Voyant Photonics, which created a mini chip-sized LiDAR system, claims that the tiny size has reduced the manufacturing cost by ‘more than 10 times’ and has also brought ‘semiconductor scaling to 3D sensing’.
LIDAR, which stands for Light Detection and Ranging, is a surveying method that measures distance to a target by illuminating the target with laser light and measuring the reflected light with a sensor. While LIDAR is used in a variety of fields ranging from construction to disaster response (Also Read: Use of LiDAR in disaster response), it is critical for autonomous vehicles and robots as it helps them to sense the world around them. However, a long-standing problem with LiDAR has been its size — remember large spinning LiDAR sensors fitted on top of vehicles.
But not anymore! Voyant Photonics, a New York-based company, has created a LiDAR system which is as small as a mini chip, and can practically fit on your fingertip. The company claims that the tiny size has reduced the manufacturing cost by “more than 10 times” and has also brought “semiconductor scaling to 3D sensing”.
Smart and cost effective
For self-driving cars to become a reality through commercial viability, automakers will have to equip vehicles with sensing technologies that can plan a path through a virtual map. In a way, LiDAR is fundamental to autonomous vehicles as it provides 3D high-resolution information about the external environment.
Not only can LiDAR spot the position of people and objects near the vehicle, it can further assess the speed at which they are moving. Voyant Photonics’ creation holds great significance because even the most compact LiDAR solutions still have the size issue and the ones that are ready to be fitted in vehicles are larger than a hand.
In such a scenario, a LiDAR of the size of a chip can be easily installed in multiple corners of a vehicle (even inside the cabin) and can provide valuable data on the position of people and objects around it.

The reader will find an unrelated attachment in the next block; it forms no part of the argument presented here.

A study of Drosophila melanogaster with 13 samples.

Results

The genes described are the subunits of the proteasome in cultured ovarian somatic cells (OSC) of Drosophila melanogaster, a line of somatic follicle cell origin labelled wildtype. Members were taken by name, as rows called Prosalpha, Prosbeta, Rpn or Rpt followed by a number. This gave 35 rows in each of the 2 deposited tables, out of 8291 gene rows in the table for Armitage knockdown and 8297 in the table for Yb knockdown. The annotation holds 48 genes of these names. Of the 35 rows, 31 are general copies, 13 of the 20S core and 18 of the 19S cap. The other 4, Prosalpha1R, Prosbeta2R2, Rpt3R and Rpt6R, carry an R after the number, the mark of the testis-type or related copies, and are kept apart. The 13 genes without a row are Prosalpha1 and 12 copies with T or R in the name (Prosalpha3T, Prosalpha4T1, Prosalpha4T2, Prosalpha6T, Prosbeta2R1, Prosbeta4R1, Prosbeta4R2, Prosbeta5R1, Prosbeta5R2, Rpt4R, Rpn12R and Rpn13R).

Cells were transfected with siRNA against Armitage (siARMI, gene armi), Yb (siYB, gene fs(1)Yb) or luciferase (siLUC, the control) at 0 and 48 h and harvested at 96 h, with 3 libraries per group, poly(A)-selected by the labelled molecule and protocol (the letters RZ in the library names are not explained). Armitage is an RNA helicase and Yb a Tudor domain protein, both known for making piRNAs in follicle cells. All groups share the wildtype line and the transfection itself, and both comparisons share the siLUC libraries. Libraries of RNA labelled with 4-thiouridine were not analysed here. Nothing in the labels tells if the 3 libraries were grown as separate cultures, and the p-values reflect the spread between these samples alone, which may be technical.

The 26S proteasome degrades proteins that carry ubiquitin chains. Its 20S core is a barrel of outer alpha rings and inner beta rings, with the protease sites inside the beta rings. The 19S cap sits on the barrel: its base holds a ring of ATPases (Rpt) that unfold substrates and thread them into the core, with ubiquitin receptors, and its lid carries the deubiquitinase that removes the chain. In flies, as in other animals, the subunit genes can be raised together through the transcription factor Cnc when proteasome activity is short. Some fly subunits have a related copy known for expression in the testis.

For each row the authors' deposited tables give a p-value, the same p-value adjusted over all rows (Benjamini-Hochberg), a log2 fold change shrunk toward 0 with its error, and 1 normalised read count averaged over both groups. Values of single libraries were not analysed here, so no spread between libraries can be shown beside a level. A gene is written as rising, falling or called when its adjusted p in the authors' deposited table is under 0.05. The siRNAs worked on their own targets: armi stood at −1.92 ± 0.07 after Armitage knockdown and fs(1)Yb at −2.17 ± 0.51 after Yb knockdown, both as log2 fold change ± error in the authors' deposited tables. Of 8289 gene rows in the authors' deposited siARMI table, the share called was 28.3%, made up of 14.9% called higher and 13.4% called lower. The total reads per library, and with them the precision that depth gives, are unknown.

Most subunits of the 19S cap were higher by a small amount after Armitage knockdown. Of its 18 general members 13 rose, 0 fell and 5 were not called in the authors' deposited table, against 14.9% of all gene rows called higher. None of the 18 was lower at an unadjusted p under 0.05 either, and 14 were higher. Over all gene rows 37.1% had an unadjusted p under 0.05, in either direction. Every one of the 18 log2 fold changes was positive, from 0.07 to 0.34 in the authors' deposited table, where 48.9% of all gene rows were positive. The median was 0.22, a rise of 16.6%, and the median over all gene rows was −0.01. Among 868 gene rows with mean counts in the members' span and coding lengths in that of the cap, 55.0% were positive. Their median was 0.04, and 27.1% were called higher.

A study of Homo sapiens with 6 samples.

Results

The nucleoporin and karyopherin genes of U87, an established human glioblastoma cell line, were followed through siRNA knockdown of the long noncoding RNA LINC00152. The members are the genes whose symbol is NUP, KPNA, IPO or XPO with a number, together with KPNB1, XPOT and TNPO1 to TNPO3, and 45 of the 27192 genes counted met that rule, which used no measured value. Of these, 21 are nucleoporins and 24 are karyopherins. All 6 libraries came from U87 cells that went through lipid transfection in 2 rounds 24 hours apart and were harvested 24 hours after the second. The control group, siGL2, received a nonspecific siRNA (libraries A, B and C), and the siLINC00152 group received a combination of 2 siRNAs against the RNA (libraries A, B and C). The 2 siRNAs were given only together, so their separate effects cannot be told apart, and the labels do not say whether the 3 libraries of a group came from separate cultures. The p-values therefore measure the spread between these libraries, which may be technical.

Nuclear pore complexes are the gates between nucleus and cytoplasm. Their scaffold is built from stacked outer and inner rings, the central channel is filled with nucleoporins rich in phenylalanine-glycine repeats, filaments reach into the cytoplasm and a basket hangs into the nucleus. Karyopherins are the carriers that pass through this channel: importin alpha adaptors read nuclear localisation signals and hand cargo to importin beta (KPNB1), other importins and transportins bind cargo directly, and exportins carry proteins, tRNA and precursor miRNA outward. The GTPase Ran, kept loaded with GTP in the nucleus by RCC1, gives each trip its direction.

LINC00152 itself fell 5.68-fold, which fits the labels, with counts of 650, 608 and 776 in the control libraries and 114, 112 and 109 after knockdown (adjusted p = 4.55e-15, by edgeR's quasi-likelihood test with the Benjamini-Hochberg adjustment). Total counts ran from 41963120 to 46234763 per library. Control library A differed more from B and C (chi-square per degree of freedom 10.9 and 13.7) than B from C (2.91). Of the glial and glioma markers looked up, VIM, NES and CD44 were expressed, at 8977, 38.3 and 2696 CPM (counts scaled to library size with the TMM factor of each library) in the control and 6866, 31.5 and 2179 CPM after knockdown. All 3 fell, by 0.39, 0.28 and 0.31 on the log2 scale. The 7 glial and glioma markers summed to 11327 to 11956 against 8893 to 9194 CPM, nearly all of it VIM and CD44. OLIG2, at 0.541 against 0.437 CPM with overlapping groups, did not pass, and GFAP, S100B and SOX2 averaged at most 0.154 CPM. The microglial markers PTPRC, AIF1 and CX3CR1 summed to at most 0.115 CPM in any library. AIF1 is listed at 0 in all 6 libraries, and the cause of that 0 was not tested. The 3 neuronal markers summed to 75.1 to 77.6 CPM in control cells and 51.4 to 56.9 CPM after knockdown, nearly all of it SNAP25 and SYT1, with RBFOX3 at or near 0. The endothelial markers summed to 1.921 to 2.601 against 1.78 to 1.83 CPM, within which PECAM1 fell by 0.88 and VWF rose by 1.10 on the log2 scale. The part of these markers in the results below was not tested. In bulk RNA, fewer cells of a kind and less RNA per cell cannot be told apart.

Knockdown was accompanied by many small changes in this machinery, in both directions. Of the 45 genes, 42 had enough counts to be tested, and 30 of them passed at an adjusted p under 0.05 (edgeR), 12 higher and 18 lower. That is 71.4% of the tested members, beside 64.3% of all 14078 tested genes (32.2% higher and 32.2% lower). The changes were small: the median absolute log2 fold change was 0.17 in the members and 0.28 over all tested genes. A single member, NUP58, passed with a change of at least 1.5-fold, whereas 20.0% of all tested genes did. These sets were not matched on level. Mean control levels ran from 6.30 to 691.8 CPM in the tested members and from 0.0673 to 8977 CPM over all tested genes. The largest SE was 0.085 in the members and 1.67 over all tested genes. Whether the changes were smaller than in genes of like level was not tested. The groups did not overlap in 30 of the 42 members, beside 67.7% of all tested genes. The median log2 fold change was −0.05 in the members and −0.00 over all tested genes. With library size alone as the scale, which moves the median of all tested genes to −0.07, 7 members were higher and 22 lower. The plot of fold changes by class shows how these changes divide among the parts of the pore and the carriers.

Further, even if the “10 times cheaper” claim by the company is partially true, it means that the exhoribitant cost of manufacturing autonomous vehicles will get substantially lower — since LiDAR system is an essential part of such vehicles. “This is an enabling technology because it’s so small,” Voyant Co-Founder Steven Miller was quoted as saying. “We’re talking cubic centimeter volumes. There’s a lot of electronics that can’t accommodate a lidar the size of a softball — think about drones and things that are weight-sensitive, or robotics, where it needs to be on the tip of its arm,” he added.
Others in fray
LIDAR systems are mostly bulky and expensive. High-end models cost thousands of dollars, and even the smallest new systems are considerable in size. Since the sensor is mechanical, spinning around constantly, it is large. The large size of the LiDAR limits the refresh rate of the image. A solution to the size issue may be on the cards as researchers from MIT and DARPA are working on a new version that shrinks the light-bouncing apparatus onto a chip that’s smaller than a grain of rice. It is a LiDAR sensor that fits onto one 300 millimeter microchip.
LiDAR chip is a silicon photonics that uses silicon waveguides to create “wires for light,” with properties similar to optical fibers except on a much smaller scale. These waveguides are integrated into on-chip photonic circuits. An electronic analogy to silicon photonics would be something like taking discrete electrical components and integrating them onto a microchip.
These chips could be manufactured using the same process used for microprocessors, which will bring down the cost of production considerably. Not only does this new approach mean that the sensors will be much cheaper — they’ll cost about $10 each to produce.